Australian dad Stephen Callaghan is going viral, because he got extremely sassy with his daughter's school over a pretty sexist activity day she was subjected to.
Apparently, Callaghan's 12-year-old Ruby was ushered into the library with all the other girls in her class to get a makeover, while the boys were forced to go to the local hardware store, Bunnings. Both these activities sound horrible to me, but it was the implicit sexism of who had to do what that got Callaghan angry.
He wrote a letter questioning the wisdom of splitting the classroom up into gendered activities, and it's pretty funny.
"I must draw your attention to a serious incident. When Ruby left for school yesterday it was 2017 but when she returned home in the afternoon she was from 1968."
"I know this to be the case as Ruby informed me that the "girls" in Year 6 would be attending the school library to get their hair and make-up done on Monday afternoon while the "boys" are going to Bunnings. Are you able to search the school buildings for a rip in the space-rime continuum? Perhaps a faulty Flux Capacitor hidden away in the girls toilet block?"
I look forward to this being rectified and my daughter and other girls at the school being returned to this this millennium where school activities are not divided sharply along gender lines.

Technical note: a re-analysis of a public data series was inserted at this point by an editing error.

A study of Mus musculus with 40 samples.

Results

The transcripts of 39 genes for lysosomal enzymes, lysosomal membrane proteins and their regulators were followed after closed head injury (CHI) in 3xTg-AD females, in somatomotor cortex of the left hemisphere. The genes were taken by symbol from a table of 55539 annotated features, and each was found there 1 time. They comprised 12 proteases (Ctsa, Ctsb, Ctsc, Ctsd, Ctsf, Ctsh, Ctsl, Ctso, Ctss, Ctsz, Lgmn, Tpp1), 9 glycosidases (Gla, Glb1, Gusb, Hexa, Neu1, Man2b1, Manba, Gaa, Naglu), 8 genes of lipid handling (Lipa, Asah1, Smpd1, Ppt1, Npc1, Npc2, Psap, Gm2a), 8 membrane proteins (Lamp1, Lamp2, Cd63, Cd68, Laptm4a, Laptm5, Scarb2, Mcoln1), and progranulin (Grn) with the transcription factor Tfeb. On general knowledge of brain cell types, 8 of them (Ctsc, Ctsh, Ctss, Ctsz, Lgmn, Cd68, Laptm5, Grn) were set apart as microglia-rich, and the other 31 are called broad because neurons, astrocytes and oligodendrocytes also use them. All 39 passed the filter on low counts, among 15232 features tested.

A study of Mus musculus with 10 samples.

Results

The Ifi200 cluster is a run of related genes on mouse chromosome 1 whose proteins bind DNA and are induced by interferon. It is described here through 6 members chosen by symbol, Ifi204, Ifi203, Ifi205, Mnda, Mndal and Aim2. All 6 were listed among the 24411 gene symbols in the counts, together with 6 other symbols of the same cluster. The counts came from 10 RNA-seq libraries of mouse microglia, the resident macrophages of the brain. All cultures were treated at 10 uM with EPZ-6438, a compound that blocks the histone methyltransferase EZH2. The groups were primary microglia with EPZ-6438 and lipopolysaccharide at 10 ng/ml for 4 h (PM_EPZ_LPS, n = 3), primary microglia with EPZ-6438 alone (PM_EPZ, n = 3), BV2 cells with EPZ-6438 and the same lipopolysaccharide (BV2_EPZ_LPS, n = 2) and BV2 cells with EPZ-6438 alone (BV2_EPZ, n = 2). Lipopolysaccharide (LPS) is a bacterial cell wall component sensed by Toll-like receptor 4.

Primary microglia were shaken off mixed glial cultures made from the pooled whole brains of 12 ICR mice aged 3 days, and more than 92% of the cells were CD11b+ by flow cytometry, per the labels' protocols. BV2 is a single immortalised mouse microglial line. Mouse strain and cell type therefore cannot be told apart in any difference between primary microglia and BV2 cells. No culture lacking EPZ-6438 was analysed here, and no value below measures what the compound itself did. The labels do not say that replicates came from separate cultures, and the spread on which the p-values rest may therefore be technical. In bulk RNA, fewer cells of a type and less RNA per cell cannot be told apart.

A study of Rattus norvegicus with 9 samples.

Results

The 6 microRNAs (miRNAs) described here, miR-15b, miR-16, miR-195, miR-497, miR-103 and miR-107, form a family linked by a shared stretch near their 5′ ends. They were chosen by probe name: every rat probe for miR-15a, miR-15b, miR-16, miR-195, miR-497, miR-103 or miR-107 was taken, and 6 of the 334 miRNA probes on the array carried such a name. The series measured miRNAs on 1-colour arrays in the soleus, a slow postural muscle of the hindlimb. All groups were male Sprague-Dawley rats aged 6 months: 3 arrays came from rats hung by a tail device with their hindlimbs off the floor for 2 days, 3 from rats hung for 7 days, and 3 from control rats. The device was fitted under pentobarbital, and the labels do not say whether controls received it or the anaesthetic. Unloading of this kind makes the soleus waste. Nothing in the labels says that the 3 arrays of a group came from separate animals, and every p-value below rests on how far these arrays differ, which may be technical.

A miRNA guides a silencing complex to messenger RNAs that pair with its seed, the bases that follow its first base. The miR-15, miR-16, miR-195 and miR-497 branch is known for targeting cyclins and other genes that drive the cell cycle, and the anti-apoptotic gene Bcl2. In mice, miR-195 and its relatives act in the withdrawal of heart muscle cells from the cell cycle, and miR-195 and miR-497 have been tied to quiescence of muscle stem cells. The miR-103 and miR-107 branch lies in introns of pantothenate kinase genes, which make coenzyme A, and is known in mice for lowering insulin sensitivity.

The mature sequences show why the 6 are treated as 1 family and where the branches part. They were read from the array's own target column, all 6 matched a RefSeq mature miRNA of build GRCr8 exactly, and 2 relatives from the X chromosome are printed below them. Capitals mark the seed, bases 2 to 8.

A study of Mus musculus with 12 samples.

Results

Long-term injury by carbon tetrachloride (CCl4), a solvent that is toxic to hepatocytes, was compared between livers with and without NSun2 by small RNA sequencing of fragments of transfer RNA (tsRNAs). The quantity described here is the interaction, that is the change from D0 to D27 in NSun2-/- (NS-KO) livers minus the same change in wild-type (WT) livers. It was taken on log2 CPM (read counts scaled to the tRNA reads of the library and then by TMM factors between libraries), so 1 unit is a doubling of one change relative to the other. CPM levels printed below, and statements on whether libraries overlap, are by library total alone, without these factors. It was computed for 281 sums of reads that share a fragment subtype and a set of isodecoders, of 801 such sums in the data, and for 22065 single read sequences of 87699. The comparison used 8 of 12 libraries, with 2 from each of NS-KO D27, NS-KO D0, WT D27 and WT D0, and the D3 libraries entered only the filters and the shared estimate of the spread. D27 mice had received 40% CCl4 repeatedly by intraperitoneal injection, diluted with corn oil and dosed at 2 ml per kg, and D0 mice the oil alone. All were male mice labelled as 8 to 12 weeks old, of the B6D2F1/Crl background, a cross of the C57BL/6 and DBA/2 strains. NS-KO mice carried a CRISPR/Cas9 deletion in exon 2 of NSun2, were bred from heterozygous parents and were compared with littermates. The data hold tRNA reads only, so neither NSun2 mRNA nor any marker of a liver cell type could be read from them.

He signs off "respectfully" but that's perhaps part of the letter's sarcasm.
Unfortunately, the response on Twitter indicates that this is a wider problem than at just Ruby's school. Girls have been fighting to get into more interesting classroom experiences since 1968 and before, and they're still fighting to today:
But let's also take a moment and consider the boys. Plenty of boys love make up, hair and working on their lewks, just like there are girls who want to go sort bolts. It should really be choose your own adventure, don't you think?
Callaghan appreciates all the support, and says he'll be channeling it into support for Ruby. In a further tweet, he wrote:
"Ruby and I would like to thank you for the great comments of support. At 12 years of age my daughter is starting to notice there are plenty of people prepared to tell her what she can & can't do based solely on the fact she is female. She would like this to change. So would I."
What really matters is the kids. Also the teachers, who probably just wanted a freaking day off.